Anne’s Cradle

Playwright Carolyn Nakagawa awarded commission

Playwright Carolyn Nakagawa
Photo by Javier R. Sotres

A new stage production telling a story of the special connection between Japan and Prince Edward Island is currently in development. 

Confederation Centre of the Arts has commissioned writer Carolyn Nakagawa to adapt the book Anne’s Cradle: The Life and Works of Hanako Muraoka into a play. The bestselling biography of the Japanese translator of Anne of Green Gables tells the complex and captivating story of a woman who risked her freedom and devoted her life to bringing quality children’s literature to her people during a period of tumultuous change in Japan.

“Hanako’s story is riveting, and she played a remarkable role in promoting cultural exchange and friendship between Canada and Japan,” says Adam Brazier, the Centre’s artistic director of performing arts. “Confederation Centre of the Arts has been developing new theatrical works for nearly 60 years, and we are excited to continue sharing diverse cultural perspectives and telling the stories that shaped Canada.” 

After an international search, the Centre selected Carolyn Nakagawa—a Japanese Canadian poet and playwright based in Vancouver, BC—to adapt the piece for the stage. Her work addresses themes such as the nuances of identity in collective contexts, and history’s continuing impact on the present. Her plays have been presented by Vancouver Asian Canadian Theatre and Ruby Slippers Theatre. She holds an honours degree in English Literature and Asian Canadian and Asian Migration Studies from the University of British Columbia.

The piece is in the early stages of development, and to help with its creation, Nakagawa will partake in the Polyphonic Multilingual Creation Residency at rice & beans theatre in Vancouver. The residency provides theatre creators everything they need for focused, uninterrupted time on their work—including financial support, access to studio space, and dramaturgical feedback.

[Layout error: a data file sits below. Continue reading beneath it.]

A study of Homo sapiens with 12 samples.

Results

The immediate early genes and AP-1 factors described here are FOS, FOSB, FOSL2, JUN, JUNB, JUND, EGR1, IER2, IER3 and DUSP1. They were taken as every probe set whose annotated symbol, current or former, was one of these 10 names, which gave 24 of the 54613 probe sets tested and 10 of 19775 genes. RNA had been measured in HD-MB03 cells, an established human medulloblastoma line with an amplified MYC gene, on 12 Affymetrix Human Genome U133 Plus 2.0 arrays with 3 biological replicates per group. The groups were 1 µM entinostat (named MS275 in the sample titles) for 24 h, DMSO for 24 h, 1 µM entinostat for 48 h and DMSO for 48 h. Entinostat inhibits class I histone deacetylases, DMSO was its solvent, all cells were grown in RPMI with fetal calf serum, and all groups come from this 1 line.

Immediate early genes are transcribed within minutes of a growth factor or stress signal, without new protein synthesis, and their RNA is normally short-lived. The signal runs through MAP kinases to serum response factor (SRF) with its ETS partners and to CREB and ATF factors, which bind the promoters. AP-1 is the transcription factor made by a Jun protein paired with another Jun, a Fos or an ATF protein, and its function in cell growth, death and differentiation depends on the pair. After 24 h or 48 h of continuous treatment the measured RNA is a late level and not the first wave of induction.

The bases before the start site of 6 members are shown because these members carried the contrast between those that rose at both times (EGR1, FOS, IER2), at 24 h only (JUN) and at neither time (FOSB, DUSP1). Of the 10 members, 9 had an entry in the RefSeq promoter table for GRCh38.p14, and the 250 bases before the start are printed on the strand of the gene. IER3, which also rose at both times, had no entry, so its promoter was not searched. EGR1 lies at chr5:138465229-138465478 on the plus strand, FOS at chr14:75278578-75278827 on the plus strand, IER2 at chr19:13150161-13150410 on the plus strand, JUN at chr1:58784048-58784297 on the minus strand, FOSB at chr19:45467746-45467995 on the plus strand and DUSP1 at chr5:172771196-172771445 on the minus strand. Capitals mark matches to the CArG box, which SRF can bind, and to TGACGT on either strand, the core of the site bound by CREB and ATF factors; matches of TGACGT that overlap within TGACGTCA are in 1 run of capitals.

“Like Hanako, I am shaped by both Japanese and Atlantic Canadian cultures,” says Nakagawa. “My father’s ancestors were from Japan; my mother has generations of ancestors from Newfoundland. I remember her reading Anne of Green Gables to me as a bedtime story. It thrills me that the person who brought this piece of Canada to Japan was also a heroine in her own right, and it is an honour for me to tell her story.” 

The book Anne’s Cradle tells the story of Hanako Muraoka—a novelist and translator who brought the story of Anne of Green Gables to Japan. When she was offered a place at a school in Tokyo founded by the Methodist Church of Canada, she fell in love with English-language poetry and literature. After the attack on Pearl Harbour in 1941, the Canadian missionaries were forced to leave Japan. But Hanako found solace in a gift from a friend: a copy of Lucy Maud Montgomery’s Anne of Green Gables

Amidst the wail of air-raids sirens, she began translating her copy into Japanese, fully aware that she risked imprisonment and even death if caught. It was not until 1952 when a Japanese publisher took a chance on a story from an unknown Canadian author and released Akage no An. The book was an immediate success and unwittingly launched a cross-cultural literary legacy that continues to this day. This year, Montgomery fans celebrate the author’s 150th birthday.